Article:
With 2011 going into the record books as one of the driest in the southern High Plains, many dryland wheat acres were abandoned and irrigated yields suffered as producers had to allocate water to other crops, says Texas AgriLife Extension Service Agronomist Brent Bean.

Bean says insect infestation and disease infections were low throughout most of the region and only a few low-lying fields in the southwest Texas Panhandle were damaged from freeze injury. So the biggest contributor to the wheat crop’s demise was drought.

However, AgriLife Extension was still able to gain much data from variety trials across the region that will be useful as producers begin planning the new crop.

Seven of the nine dryland trials planted were harvested, as were trials at six irrigated locations around the southern High Plains and the New Mexico State University station near Clovis, NM. Across the region, most harvested wheat fields were planted late on land fallowed in 2010, Bean says.

Irrigated wheat didn’t fair much better than dryland. Yields were down because many producers had to quit watering wheat early to concentrate their irrigation water on establishing corn or cotton. Compounding the drought conditions in the irrigated variety trials were hot air temperatures during flowering and late freeze damage that pushed yields even lower, Bean says.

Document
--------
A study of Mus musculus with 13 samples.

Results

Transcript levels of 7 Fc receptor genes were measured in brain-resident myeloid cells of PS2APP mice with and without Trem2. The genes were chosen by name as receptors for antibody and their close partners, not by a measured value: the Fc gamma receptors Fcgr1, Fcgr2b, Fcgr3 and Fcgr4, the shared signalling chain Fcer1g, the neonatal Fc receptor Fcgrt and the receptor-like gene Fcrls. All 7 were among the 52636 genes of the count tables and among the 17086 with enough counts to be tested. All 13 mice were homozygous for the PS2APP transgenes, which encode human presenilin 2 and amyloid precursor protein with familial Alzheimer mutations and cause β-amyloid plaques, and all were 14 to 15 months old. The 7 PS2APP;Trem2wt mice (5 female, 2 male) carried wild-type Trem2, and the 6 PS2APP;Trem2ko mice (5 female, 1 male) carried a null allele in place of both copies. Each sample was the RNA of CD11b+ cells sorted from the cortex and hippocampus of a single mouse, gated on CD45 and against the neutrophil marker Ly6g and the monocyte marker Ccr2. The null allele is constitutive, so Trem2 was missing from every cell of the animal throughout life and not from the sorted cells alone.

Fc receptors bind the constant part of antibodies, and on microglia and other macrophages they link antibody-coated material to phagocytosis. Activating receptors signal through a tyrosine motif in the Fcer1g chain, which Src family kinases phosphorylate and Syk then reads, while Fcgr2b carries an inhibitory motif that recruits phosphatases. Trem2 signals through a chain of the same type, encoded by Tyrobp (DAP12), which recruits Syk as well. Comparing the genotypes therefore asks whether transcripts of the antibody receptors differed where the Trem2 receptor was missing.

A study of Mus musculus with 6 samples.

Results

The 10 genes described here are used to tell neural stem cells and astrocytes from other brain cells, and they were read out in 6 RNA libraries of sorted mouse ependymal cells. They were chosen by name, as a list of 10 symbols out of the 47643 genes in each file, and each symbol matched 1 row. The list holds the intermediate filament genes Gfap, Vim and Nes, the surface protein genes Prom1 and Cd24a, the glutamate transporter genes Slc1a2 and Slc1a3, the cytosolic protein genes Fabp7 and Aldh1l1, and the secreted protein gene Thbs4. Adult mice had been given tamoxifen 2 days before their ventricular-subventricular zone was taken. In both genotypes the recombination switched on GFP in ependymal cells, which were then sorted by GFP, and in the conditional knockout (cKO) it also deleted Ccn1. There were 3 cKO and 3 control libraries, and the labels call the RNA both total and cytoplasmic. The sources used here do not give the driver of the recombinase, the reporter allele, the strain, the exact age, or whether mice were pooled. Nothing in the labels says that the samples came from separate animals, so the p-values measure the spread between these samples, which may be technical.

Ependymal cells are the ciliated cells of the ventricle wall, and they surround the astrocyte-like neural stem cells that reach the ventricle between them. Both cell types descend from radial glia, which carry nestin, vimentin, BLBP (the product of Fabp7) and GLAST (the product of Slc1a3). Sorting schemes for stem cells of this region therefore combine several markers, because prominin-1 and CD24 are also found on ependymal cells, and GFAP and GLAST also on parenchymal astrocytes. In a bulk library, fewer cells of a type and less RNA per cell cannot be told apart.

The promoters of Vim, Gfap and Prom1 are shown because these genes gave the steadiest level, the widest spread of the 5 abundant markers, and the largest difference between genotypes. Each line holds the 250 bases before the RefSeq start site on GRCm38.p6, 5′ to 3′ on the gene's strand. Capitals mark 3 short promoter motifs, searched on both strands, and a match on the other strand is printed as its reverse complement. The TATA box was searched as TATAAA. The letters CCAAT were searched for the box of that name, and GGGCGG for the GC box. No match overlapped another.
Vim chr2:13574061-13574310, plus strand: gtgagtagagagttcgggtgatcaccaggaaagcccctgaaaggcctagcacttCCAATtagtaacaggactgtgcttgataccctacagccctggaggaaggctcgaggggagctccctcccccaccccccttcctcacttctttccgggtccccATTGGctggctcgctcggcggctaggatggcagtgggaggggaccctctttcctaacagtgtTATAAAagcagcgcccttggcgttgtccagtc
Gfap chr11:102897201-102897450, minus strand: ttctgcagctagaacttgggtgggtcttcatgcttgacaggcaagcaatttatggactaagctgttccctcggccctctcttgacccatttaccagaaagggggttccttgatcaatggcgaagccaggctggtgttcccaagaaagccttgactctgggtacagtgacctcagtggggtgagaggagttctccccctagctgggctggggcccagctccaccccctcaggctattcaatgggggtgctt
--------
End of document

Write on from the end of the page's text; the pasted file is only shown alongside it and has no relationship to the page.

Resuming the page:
The highest average yields, 67 bu./acre, were recorded in the Dimmitt, TX trial. Three varieties – TAM 112, Winterhawk and TAM 113 – yielded in the top 25% at five of the six locations.

“This is only the second year we have had Winterhawk, a Westbred variety, in our trials,” Bean says. “TAM 113 was released this year by Texas AgriLife Research and will not be commercially available until 2012.”

Bean says other top varieties were TAM 111, OKO7209 – an Oklahoma State University experimental – Duster and Bill Brown. Noteworthy also were Hatcher and the AgriLife Research experimental TX05A001188.

In the dryland trials, the lowest average yield, 12.1 bu./acre, was at Etter, TX, and the highest average yield, 34.7 bu., was at the Groom, TX, location. All of the dryland locations were on fallowed land. Those locations in the eastern Texas Panhandle that yielded the highest greatly benefitted from a late fall rain, Bean says.

Growers are advised to check their own regional wheat variety trials to learn which new wheat lines are proving themselves in their growing conditions.